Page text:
At the Natural Products Expo, last week in Anaheim, Calif., the companies exhibiting on the show floor weren’t touting green attributes as a differentiator to woo consumers. They were touting them because they are the ticket to entry.
But somewhere between bites of ample samples from the eighth (or was it the 15th) natural potato chip company, I started to see that this industry has the same issues as its larger, “un-natural” competitors: To win, you need to differentiate. In the case of natural products, this means they need to educate.
Some companies get it. Amid what seemed like endless booths of green cleaning products, I caught up with Eric Ryan and Adam Lowry, the co-founders Method (we featured them this year at our GreenBiz Forum). Their non-toxic and biodegradable cleaning products certainly meet the green ticket-to-entry criteria. They’ve also proven they know how to educate, making information about their ingredients, processes, and company practices fully available to the public.
More recently, they’ve established an ocean plastic supply chain, which they hope will raise awareness of the importance of using plastic that’s already on the planet. But as Ryan noted, it’s not just about chemistry. It’s also about great design, which he believes will lead to greater success in the mainstream marketplace.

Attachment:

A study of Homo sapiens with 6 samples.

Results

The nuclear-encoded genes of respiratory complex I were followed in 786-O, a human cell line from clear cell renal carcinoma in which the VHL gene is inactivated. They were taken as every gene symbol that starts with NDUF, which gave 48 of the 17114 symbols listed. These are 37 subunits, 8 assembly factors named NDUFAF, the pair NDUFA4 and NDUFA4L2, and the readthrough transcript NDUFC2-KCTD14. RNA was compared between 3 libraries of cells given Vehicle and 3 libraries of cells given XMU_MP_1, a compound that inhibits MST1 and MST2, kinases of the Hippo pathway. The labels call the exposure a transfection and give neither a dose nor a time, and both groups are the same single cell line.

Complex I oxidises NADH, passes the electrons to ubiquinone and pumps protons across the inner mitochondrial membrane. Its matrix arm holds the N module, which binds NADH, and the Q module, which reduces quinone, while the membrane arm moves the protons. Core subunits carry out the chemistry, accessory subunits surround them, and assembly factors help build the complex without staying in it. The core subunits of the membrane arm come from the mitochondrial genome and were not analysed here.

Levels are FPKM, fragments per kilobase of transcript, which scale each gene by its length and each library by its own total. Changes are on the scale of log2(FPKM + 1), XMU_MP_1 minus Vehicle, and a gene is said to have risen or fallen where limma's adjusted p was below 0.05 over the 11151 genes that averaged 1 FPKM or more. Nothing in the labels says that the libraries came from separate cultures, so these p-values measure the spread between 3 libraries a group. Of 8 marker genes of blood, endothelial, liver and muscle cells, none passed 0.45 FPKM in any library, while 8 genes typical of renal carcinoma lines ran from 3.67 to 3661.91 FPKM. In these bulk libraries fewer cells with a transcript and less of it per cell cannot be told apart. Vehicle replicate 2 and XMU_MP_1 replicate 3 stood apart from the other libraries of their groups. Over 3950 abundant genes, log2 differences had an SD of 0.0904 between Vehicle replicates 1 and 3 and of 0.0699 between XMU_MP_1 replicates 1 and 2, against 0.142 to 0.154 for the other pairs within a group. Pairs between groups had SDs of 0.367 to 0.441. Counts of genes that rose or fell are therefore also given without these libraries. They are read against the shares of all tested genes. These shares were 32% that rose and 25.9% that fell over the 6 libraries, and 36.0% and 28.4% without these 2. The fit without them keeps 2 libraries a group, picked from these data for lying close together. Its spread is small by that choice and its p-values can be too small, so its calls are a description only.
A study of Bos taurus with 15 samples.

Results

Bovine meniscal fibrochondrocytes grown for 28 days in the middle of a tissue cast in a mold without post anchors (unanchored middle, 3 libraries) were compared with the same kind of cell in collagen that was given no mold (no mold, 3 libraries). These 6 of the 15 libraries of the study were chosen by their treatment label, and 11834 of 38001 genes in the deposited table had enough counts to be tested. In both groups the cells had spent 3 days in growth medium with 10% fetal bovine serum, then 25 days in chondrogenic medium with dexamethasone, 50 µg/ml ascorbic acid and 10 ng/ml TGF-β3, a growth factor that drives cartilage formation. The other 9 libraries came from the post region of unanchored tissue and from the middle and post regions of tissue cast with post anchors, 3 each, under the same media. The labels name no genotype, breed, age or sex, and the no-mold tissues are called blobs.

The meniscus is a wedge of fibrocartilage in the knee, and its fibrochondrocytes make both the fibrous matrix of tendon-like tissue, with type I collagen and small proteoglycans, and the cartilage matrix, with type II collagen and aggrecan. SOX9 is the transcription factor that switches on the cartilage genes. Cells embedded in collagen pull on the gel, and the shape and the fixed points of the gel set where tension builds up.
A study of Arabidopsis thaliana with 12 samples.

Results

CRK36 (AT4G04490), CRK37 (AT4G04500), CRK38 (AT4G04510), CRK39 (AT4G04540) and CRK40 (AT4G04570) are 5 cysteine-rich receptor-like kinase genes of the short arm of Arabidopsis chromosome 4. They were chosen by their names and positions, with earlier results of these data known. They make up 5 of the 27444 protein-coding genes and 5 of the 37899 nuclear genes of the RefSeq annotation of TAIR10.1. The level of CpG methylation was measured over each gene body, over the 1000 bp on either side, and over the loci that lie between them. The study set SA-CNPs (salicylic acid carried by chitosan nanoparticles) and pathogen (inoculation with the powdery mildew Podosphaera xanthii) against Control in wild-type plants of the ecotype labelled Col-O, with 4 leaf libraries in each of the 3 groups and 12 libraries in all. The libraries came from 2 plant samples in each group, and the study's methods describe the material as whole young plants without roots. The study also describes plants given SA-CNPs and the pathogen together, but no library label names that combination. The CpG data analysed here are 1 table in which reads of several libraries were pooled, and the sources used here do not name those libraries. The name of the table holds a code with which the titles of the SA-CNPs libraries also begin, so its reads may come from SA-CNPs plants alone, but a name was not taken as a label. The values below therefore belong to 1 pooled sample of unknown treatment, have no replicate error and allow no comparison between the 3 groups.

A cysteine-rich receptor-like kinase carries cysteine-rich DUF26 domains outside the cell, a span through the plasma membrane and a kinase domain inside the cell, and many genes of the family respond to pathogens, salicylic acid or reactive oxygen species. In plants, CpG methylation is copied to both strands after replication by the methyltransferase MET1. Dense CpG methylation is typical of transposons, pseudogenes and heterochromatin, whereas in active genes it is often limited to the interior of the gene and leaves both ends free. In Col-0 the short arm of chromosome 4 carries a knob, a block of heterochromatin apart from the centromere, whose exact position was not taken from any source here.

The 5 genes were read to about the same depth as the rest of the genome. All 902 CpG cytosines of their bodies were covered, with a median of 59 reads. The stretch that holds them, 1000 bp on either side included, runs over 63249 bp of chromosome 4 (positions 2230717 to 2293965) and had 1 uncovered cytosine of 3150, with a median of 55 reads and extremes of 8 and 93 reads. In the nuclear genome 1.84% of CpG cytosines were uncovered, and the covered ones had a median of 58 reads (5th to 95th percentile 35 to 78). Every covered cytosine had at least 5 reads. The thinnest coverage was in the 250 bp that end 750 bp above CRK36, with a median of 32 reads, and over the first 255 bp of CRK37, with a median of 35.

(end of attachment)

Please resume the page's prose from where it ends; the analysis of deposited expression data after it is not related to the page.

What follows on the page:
From waste to wear
Just down the aisle from Method was the relatively new apparel company Playback. To make their fabric, they gather recyclable material like cotton scraps and plastic bottles and sort them by color. After they break down the scraps into fiber, they re-spin them into yarns and knit them into their Eco-Logic fabric. The sorting process results in the company offering three colors that don’t require dyes because of the plastic bottles used – water cooler blue, beer bottle brown, and soda bottle green. A personal favorite: the X-ray V-neck, made from recycled X-ray film, a plentiful feedstock as medical records get digitized.
I asked about their sales channels and they cited a multi-channel strategy. Like Method, they want their clothes to be chosen because of superior designs and are opening their own stores in Manhattan later this year. But they also have strong interest from companies looking to promote their green programs with one of Playback’s eco-friendly T-shirts. Order enough and perhaps they’ll kick in a display tube that communicates the manufacturing process (see here). This makes it easy for anyone to connect the dots from waste to wear.
Labeling: A pathway to informed choices?
Educating consumers is a tricky business, especially when it comes to labeling products. I sat down with Whitewave Foods Vice President of Responsible Livelihood (great title, by the way!) Ellen Feeney and Tyler Holm as well as Megan Westgate, executive director of the Non-GMO Project, to get an update on their efforts.